Creating and Challenging Arguments

As I've mentioned before, my intermediate integrated skills class (listening/speaking/note-taking; ELI 071) is using Mosaic 1 this semester. One of the speaking strategies learned is "Asking for Confirmation to Challenge Excuses. You can see a photo of the "Strategy" from the book. Basically, the book teaches students to summarize what they speaker is saying and than challenges that excuse. I don't always use the suggested activities in the book, as I usually add multiple elements to practicing strategies; however, their suggested activity turned out so superbly that I had to share with you!

From Mosaic 1: Listening/Speaking

The book suggested a role play: one person be the student and one be the teacher. Here's the pattern they suggest:

Student: Make an excuse for something you don't want to do. *
Teacher: Ask for confirmation, questioning the truth of the excuse.
Student: Make another excuse.
Teacher: Ask for confirmation again, questioning the truth of the excuse.

*I told the students it could be any excuse students make... And they make a lot!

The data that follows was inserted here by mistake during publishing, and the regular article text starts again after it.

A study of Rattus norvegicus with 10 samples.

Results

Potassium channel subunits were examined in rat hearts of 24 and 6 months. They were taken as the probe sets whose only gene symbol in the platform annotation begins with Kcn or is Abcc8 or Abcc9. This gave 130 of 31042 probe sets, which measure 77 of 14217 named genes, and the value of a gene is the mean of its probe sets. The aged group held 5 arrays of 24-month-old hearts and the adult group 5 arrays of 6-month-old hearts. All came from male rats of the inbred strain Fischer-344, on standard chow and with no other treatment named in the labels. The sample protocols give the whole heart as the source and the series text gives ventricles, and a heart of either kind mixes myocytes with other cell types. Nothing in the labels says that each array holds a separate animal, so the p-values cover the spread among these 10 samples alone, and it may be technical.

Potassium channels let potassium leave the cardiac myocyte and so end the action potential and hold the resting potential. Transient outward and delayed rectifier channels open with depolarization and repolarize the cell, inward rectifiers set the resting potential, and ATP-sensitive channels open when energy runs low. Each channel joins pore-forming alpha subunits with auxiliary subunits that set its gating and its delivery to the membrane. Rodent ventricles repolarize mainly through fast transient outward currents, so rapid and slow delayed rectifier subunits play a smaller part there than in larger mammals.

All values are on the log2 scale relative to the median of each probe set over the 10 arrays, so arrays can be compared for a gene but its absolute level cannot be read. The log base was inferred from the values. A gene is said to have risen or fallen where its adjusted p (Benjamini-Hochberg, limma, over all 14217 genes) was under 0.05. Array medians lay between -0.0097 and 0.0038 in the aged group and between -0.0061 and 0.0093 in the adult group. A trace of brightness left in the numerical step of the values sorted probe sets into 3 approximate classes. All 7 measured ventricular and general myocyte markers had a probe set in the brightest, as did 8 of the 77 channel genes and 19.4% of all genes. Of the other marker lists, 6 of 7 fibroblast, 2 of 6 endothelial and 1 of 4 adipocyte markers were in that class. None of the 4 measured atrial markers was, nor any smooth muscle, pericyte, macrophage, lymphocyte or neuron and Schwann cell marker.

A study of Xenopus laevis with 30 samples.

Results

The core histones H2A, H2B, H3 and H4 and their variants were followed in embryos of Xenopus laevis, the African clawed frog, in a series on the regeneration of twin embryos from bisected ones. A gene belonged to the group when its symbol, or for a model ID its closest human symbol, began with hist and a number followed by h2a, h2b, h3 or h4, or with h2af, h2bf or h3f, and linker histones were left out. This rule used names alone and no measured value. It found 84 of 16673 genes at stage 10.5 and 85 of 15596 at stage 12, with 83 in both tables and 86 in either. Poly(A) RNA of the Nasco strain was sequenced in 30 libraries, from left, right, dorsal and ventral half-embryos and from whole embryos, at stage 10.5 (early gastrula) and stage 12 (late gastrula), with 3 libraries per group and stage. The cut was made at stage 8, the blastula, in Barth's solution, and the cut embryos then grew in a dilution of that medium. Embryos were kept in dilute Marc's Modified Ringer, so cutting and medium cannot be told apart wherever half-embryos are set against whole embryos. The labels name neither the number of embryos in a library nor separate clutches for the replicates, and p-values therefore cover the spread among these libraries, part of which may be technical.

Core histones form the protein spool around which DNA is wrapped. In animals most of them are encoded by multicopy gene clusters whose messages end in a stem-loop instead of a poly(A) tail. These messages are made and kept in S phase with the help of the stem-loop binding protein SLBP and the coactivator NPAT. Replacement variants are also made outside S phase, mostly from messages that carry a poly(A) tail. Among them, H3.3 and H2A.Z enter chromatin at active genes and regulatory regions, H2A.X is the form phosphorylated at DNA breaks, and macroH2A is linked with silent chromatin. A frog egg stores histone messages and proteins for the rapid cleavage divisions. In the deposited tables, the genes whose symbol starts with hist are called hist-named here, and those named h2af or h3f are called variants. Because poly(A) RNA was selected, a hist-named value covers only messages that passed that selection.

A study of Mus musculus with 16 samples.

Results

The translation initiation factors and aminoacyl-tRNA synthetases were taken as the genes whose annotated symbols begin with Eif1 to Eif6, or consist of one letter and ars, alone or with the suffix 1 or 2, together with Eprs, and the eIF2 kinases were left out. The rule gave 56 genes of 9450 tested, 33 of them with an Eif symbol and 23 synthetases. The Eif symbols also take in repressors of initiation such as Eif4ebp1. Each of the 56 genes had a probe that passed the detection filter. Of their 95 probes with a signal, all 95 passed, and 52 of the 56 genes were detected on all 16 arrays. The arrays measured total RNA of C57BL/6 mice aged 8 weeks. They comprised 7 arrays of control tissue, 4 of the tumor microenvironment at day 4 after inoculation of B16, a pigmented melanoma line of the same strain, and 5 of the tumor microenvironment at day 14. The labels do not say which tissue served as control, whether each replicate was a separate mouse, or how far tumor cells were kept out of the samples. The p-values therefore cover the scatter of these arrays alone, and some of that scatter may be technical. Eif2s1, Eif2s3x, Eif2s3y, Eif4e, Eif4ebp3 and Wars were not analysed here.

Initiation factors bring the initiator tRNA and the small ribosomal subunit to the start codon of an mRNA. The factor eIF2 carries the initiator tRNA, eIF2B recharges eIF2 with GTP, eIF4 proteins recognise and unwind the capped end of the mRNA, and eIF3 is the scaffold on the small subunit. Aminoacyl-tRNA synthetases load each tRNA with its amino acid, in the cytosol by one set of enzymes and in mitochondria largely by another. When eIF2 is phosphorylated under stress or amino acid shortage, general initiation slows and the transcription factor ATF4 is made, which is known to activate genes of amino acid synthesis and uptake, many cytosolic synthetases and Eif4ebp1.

Some of the students excuses were spot on... exactly what they say in class and in office hours. For example, one student had an excuse for being late; another had an excuse about not finishing his homework. The surprising part of this for me was the fabulous challenges the students had for the excuses! Some of them were better than anything I could have ever come up with. For example, one "teacher," whose student had an excuse for being late because her sister took her shoes, challenged her about not having another pair and putting fashion before class! Another "teacher," whose student couldn't do his homework because he was homesick and couldn't connect with his family on Skype, asked whether or not his family did his homework for him and if all ELI students could skip doing homework because they missed their families! Some students took words right out of my mouth, such as "I don't want to hear any excuses" and "What were you doing all day after class that you couldn't complete your assignment." Not only were the students' excuses spot on (they have a lot of practice, trust me :-), but their challenges were as well. I have decided that I am going to start asking them to challenge their own excuses so that I don't have to!

I think this was a valuable interactive lesson because it got students communicating with each other. They had to negotiate meaning with somebody else and create excuses or challeges for those excuses. This activity really helped them understand this strategy, as they all did very well on this portion of their chapter test. Now to get them to stop making excuses in real life... 

Do you have any interactive role-play activities that have helped students improve their communication skills? I would love to hear (and implement) them!